What is the driving force for economic growth ahead in 2023?

VOV.VN - The impressive growth momentum recorded during the past year is expected to serve as a premise for the nation to go on and achieve its growth target of 6.5% in 2023, according to economic experts.

Some of the key factors relating to this year's economic growth include exports, domestic consumption, and public investment.

These can be considered as important growth drivers of the national economy. In addition, economic restructuring, accelerating the implementation of the digital and the circular economy are also viewed as fresh impetus which will become the mainstay of the national economy over the coming years.

A growth rate 2.5 times higher than the inflation rate represents a significant bright spot in the Vietnamese economic picture from 2022. This also comes amid the world facing the highest level of inflation over the past 40 years and low growth occurring in many major economies.

Nguyen Bich Lam, former general director of the General Statistics Office (GSO) under the Ministry of Planning and Investment, assessed that the Vietnamese economic position in international trade has been consolidated and affirmed.

While global aggregate demand has recorded a decline, supply chains have been strained, with export producers facing difficulties in terms of input materials and consumption markets. Despite the export turnover seeing annual growth, it is only through the dynamism of local businesses and their sustained efforts to overcome difficulties in finding sources of goods that has allowed market expansion.

Last year saw total import-export turnover stand at US$732.5 billion, up 9.5% on-year, with this figure being a record number over recent years. Of which, exports soared by 10.6% and imports increased by 8.4%, with the trade balance of goods estimated to have run a trade surplus of US$11.2 billion.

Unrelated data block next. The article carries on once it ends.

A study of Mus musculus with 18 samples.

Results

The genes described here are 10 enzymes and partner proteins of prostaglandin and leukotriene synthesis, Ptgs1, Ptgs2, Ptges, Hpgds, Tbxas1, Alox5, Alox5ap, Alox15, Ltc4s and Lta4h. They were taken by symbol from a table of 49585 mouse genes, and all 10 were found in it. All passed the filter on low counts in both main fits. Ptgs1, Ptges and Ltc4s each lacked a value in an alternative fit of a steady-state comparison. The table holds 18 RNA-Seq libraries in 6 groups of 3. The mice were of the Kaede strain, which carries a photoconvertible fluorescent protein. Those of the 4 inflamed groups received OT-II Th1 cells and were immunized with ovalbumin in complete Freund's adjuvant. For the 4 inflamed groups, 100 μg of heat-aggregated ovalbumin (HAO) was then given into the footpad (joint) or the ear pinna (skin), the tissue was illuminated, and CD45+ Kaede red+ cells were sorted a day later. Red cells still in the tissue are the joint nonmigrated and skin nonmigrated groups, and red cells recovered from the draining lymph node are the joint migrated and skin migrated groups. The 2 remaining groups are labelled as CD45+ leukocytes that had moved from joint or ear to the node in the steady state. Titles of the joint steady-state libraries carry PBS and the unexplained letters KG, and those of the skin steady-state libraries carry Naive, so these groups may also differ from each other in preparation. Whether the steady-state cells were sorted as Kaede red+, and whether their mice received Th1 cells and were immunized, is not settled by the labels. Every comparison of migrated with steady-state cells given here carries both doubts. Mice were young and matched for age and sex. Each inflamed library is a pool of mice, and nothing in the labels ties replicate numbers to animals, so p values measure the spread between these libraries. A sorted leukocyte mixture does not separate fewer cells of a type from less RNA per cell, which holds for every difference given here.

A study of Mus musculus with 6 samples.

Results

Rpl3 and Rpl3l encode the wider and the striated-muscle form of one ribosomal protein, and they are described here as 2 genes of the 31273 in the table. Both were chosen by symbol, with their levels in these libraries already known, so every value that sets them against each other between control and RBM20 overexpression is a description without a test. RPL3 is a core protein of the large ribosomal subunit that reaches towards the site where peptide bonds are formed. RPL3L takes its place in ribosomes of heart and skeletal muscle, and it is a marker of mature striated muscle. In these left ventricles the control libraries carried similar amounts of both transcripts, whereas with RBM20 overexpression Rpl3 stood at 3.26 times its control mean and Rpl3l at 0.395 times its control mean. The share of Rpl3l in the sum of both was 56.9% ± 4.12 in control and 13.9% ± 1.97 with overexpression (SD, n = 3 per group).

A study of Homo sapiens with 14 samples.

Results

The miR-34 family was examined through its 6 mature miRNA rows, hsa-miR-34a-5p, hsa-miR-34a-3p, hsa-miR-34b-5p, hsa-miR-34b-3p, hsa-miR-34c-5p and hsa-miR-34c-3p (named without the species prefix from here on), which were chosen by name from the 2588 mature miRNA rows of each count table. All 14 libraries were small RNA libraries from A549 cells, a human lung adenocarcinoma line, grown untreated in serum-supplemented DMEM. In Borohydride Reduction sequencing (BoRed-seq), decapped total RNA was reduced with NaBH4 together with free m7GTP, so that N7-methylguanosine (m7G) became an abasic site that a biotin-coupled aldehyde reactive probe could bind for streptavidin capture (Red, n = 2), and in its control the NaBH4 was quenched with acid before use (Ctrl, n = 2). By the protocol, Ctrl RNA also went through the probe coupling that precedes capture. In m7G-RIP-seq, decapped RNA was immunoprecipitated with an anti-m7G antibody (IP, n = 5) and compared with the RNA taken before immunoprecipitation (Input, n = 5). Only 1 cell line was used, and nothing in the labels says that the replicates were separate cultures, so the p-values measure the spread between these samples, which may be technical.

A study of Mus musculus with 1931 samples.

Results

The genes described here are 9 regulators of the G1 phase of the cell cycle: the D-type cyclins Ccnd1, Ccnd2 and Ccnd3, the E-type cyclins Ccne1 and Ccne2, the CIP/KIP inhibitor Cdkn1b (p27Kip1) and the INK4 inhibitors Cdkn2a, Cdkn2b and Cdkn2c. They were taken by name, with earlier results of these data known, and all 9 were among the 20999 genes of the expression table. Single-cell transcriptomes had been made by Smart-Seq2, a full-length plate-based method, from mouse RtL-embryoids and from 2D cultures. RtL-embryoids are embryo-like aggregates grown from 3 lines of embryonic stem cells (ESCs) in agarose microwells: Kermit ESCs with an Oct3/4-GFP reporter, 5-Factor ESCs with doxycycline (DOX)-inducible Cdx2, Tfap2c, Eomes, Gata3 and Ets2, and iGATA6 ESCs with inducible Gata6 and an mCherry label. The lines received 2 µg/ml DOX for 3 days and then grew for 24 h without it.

Furthermore, foreign direct investment (FDI) into the nation can also be viewed as a bright spot for the national economy amid declining international trade and investment.

Total FDI last year hit nearly US$27.72 billion and close to US$22.4 billion was disbursed, up 13.5% over the same period from last year.

Last year's total retail sales of consumer goods and services reached VND5,679.9 trillion, representing a year-on-year increase of 19.8%, the highest over recent years.

Lam attributed the promotion of Vietnamese economic development to the efforts made by the local business community, breakthrough thinking, prompt and flexible action taken by the Government, and the National Assembly's promulgation of correct guidelines and policies.

Although the 6.5% GDP growth target for this year is lower than the growth rate of 8.02% recorded in 2022, 1% of GDP in 2023 will be equivalent to VND104.1 trillion, meaning that it is VND9.7 trillion higher than 1% of last year's GDP.

As a means of achieving this growth target, Lam said that the agro-forestry- fishery sector must increase by 3%, the industry and construction sector needs to grow by 7.6% to 8.3%, and the service sector must rise by 6.5% to 7%.

These growth rates will not easy to achieve amid the current global economic outlook, whilst major economies which are among the nation’s important trading partners are forecast to fall into recession, a factor which is likely to have a very strong impact on the Vietnamese economy.

From the perspective of economic expert Nguyen Dinh Cung, former director of the Central Institute for Economic Management (CIEM), this year it is necessary to accelerate the disbursement of public investment capital without letting the national economy lack capital.

"I believe that with the drastic direction of the Government and ministries, sector and localities, public investment disbursement will achieve positive results in 2023," Cung said.

Furthermore, Cung underscored the need to improve the business investment environment by removing obstacles for businesses and reducing costs for investors.

According to the former CIEM director, it is necessary to create trust in the market rather than criminalising civil economic relations so that financiers and parties believe that their legitimate rights and interests will be guaranteed.